News organisations, including the owners of the Irish Independent, have appealed the decision of a High Court judge to ban the media from naming a mother who smothered her three-year-old daughter with a pillow.
The judge had ordered that the deceased child should not be identified and, as a consequence, the woman cannot be named as to do so would identify the dead child.
The woman was last year found not guilty by reason of insanity of murdering the toddler at her family home.
At the outset of her trial in October, prosecuting counsel Paul Murray SC applied for an order preventing publication of anything that might identify the deceased child.
He said that, under Section 252 of the Children Act 2001, it was an offence to publish anything that could identify a child who is an alleged victim of an offence.
Mr Justice Michael White agreed to make the order but the following day a lawyer representing several media outlets applied to trial judge Ms Justice Carmel Stewart to set it aside.
On hearing arguments from both sides, Ms Justice Stewart said that the wording of Section 252 of the Act was clear, and that it was appropriate to continue with the reporting restrictions.
The media organisations, namely Independent News & Media, RTÉ, News Group Newspapers Ltd and 'The Irish Times', yesterday appealed that decision to the Court of Appeal.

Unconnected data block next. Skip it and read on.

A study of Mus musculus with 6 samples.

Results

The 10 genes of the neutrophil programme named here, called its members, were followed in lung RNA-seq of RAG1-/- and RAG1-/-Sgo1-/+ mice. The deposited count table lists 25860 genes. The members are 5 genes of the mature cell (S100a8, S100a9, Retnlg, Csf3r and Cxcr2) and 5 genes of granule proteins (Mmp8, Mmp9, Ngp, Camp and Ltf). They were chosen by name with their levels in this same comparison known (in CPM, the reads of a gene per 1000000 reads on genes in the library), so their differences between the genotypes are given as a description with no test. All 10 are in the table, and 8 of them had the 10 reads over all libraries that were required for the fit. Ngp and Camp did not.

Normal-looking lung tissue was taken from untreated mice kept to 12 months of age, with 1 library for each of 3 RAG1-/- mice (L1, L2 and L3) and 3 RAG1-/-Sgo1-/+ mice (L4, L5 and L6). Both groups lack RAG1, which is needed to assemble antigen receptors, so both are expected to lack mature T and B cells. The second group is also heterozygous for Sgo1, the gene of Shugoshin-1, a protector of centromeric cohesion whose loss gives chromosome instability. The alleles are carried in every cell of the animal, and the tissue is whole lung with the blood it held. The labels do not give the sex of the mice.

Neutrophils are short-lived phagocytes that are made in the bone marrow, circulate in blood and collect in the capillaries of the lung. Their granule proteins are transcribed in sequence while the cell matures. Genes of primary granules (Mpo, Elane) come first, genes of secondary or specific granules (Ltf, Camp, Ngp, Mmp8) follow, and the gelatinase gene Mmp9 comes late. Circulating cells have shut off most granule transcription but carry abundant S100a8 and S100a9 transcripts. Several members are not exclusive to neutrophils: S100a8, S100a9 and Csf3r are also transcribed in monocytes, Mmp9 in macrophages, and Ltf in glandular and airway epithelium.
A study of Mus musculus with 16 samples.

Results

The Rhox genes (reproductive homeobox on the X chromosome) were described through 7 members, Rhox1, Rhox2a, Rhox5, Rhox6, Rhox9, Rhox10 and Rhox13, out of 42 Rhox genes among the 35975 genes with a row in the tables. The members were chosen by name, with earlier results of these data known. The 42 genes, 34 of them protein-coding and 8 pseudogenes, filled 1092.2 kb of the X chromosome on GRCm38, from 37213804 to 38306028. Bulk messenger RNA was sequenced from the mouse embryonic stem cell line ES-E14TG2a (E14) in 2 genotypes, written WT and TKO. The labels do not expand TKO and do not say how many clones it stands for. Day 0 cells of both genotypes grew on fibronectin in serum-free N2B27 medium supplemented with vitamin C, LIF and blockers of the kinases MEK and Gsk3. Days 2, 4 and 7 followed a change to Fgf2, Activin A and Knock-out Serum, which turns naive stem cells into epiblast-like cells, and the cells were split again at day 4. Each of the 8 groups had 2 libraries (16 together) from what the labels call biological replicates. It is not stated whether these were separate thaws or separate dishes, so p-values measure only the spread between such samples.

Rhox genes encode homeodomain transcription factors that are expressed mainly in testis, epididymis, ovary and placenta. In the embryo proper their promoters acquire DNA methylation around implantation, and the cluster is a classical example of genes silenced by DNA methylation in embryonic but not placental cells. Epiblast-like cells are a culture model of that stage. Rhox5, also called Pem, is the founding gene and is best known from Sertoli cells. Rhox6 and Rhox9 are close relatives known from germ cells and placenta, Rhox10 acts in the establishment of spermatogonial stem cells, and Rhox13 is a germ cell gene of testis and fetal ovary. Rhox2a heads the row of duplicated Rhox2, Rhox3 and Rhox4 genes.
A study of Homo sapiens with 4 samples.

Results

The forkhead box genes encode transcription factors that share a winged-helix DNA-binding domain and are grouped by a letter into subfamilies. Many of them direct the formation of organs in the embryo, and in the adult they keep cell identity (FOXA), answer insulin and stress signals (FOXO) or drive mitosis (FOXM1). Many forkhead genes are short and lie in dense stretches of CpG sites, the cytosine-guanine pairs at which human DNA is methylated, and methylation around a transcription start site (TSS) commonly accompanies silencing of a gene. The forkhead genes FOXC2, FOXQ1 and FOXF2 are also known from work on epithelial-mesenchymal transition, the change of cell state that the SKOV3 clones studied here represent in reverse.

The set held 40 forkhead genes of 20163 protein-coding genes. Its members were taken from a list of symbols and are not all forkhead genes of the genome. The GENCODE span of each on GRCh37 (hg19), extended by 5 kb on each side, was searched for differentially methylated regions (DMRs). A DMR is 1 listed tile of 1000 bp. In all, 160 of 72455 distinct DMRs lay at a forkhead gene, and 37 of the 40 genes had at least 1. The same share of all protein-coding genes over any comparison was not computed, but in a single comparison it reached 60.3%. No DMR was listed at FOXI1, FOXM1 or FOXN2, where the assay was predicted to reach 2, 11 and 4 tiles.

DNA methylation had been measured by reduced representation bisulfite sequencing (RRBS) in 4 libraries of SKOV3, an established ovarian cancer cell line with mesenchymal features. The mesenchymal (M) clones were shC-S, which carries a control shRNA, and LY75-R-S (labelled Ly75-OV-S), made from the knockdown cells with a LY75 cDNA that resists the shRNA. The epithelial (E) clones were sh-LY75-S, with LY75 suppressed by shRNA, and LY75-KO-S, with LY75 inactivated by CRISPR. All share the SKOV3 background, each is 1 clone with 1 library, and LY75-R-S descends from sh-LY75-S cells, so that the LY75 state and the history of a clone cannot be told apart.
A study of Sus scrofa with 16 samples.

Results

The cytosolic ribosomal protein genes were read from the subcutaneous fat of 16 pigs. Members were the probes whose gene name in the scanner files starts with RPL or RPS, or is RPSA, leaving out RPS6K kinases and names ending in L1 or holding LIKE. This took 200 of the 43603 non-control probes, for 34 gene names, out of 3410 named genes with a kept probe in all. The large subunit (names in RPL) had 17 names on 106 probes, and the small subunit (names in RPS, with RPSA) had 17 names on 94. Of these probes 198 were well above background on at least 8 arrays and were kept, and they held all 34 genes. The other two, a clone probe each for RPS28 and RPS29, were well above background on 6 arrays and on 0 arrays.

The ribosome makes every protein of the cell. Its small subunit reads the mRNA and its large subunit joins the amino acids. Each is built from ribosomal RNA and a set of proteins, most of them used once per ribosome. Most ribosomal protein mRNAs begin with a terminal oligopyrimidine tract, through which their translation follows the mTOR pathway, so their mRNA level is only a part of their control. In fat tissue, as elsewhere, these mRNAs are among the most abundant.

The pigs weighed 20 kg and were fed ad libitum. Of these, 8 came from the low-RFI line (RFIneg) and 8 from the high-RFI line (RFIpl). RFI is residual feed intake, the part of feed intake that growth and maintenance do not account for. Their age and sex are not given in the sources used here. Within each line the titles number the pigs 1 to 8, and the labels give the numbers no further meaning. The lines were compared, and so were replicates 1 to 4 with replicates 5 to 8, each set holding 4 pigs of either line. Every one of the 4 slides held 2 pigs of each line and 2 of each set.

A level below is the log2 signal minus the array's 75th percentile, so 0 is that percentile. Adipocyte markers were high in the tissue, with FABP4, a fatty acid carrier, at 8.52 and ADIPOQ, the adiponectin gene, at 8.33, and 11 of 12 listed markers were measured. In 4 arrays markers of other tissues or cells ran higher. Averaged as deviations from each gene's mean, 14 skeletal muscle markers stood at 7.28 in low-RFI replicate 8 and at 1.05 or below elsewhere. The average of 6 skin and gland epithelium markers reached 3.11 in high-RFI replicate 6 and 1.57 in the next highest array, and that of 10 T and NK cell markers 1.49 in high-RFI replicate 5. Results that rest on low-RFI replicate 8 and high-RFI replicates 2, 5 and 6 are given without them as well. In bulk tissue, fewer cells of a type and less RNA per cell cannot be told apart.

Their barrister, Luán Ó Braonáin SC, told the court the deceased was no longer a child at the time of the proceedings.
Counsel said that while it had already been published that the accused had killed her child, the media were then unable to publish the fact that the deceased did not die as a result of an offence carried out by her mother.
He said that the purpose of Section 252 appeared to be to mitigate the harm and secondary victimisation of children in court proceedings, and so that they would be able to progress with their lives.
"Those are interests that do not arise in relation to the deceased," he said. "A distinction therefore falls to be made."
Diarmaid McGuinness SC, for the woman and the DPP, said the deceased had continued to be a child after death.
"In my submission, the Oireachtas intended to protect children who were murdered from the type of publicity that arises," he said.
The three-judge Court of Appeal reserved judgment in the case.